Secrets of the Job Hunt


Sunday, September 10, 2006

Understanding the new job market

In their book, Guerilla Marketing for Job-Hunters, authors Jay Conrad Levinson & David Perry, clearly illustrate the changes taking place in the job market. For many of you, including those in their 40s and 50s, life and work are in imbalance. It's important to note that the changes taking place today are fundamental and will forever change the way job seekers and employers connect.

Consider this excerpt...

"For most of the twentieth century, ...people were temporarily laid off. Inventory backlogs were reduced and demand would snap back quickly. As product demand increased, workers returned to their preexisting positions in factories, or they found an equivalent job with another company.

Over the past few years, dramatic advances in information technology have allowed companies to establish tightly integrated demand and supply chains, and outsource manufacturing and low-end service jobs to save money. Rightly or wrongly, many of the jobs that have disappeared from North America have reappeared in India, China, and Latin America. Rather than furloughs, many people were let go, forcing them to switch industries, sectors, locations or skills to find a new job.

...Instead of resources or land, today capital means human capital. It doesn't take a shoe factory to go into the shoe business these days. Nor do you need raw materials or fleets of trucks. Nike became a shoe industry leader by concentrating on the value-producing capacity of its employees for design, marketing and distribution know-how. The real capital is intangible: a person's knowledge level, combined with an aptitude for application.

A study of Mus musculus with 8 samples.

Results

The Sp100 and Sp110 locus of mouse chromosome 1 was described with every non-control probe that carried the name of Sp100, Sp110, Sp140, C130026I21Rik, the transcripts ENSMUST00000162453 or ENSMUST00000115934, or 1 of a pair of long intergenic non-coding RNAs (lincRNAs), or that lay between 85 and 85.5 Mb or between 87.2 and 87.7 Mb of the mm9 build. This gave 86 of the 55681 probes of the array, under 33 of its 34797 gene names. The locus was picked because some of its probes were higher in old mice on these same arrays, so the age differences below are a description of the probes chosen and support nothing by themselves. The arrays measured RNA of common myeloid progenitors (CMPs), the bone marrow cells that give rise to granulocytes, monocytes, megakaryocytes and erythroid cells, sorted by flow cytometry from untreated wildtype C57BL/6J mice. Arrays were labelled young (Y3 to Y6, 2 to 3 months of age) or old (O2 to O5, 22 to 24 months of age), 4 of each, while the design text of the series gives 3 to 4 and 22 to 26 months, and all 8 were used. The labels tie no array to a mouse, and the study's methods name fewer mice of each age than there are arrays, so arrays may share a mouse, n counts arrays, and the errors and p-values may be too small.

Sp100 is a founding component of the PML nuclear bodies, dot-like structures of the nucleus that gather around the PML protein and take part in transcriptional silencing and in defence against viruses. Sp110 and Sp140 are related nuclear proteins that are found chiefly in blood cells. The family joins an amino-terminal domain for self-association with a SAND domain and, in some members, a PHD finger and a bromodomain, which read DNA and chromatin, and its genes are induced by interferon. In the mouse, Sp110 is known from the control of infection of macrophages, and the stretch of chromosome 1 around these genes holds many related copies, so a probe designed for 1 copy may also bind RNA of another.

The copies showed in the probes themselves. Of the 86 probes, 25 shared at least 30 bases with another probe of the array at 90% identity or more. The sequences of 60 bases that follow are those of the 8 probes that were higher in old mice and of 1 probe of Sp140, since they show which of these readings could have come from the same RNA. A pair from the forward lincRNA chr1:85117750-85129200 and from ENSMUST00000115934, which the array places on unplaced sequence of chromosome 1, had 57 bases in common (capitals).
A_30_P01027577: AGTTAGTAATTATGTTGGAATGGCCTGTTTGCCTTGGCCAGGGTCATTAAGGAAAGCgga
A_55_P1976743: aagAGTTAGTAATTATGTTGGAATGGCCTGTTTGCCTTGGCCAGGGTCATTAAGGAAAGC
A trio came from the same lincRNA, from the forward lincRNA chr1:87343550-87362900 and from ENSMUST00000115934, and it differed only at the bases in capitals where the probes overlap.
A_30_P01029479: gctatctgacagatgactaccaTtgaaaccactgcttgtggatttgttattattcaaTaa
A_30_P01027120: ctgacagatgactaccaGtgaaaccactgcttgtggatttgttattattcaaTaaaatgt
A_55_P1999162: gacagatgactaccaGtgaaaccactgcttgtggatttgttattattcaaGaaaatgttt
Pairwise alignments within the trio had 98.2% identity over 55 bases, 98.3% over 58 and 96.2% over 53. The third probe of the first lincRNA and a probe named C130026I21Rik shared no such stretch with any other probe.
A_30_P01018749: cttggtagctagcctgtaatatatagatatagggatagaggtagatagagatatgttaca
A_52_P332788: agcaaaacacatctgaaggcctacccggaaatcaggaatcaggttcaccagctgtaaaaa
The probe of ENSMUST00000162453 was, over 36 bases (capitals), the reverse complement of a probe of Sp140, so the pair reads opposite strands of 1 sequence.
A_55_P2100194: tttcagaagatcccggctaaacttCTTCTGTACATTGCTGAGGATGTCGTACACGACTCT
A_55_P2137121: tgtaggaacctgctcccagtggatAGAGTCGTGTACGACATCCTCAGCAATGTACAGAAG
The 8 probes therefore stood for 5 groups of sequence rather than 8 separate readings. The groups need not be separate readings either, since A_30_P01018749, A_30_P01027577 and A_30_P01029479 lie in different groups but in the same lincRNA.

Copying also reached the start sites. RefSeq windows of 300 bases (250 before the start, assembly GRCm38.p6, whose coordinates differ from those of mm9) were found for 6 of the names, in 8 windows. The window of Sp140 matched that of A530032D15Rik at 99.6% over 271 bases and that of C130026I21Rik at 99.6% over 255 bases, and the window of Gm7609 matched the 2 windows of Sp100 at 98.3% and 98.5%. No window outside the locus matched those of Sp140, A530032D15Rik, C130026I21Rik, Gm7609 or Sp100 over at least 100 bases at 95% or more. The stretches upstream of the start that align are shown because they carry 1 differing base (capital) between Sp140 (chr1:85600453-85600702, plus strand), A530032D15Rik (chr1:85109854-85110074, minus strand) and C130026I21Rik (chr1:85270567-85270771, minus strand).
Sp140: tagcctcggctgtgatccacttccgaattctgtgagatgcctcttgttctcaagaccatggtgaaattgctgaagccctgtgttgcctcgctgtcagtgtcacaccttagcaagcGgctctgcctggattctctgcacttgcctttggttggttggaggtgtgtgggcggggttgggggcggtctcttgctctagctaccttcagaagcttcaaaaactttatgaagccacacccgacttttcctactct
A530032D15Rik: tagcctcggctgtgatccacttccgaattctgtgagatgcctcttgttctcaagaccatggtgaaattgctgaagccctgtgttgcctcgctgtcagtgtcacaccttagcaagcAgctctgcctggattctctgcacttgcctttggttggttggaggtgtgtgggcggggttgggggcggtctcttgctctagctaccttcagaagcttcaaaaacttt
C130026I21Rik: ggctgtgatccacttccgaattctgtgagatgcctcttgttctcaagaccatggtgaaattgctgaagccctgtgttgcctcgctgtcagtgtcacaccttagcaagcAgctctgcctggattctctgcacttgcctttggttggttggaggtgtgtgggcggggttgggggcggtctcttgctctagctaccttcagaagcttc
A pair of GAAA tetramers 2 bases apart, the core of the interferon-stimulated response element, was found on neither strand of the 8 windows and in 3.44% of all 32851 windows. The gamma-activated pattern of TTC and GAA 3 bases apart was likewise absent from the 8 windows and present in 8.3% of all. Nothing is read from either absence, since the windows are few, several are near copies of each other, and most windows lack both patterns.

Numerous labor market studies indicate that there is already a looming knowledge worker skills shortage—a shortage that impacts competitiveness and economic and social development. There is every reason to believe that these shortages will not diminish soon because skilled baby boomers are retiring in unprecedented numbers while the newly created knowledge economy jobs require more education and higher skill levels."

What does this mean for you? The authors summarize with the following premise;

"Faced with stiffer competition and tougher hiring requirements, companies of every sort are becoming single-minded about productivity and bottom-line performance. Consequently, competition for jobs is increasing as management seeks and hires only those persons who appear to have the most potential for helping to boost the company's profits. For many companies, employees are now viewed as a variable cost - hence the term human capital - to remain 'on the books' only as long as they continue to produce. Looking for an old-fashioned job like the one your dad used to have is a waste of your time - Jobs are temporary in the new economy - henceforth you always need to be looking for the next opportunity. The people who market their talent best will win!"

1 comment:

Michael Wist said...

C.M. - Great excerpt. I haven't read their book, but I've visited the blog of the same name. When you consider the social and cultural implications of the statement - "Jobs are temporary in the new economy" - it is really interesting. If the concept of "career" no longer exists, what will that mean for some of the established norms of American life? Will it be practical and/or possible to own property in a single location? What sort of professional education programs will enable people to move from one high level position to another in a different area of expertise? Obviously, the concept is fascinating and will be very interesting to observe in the years to come.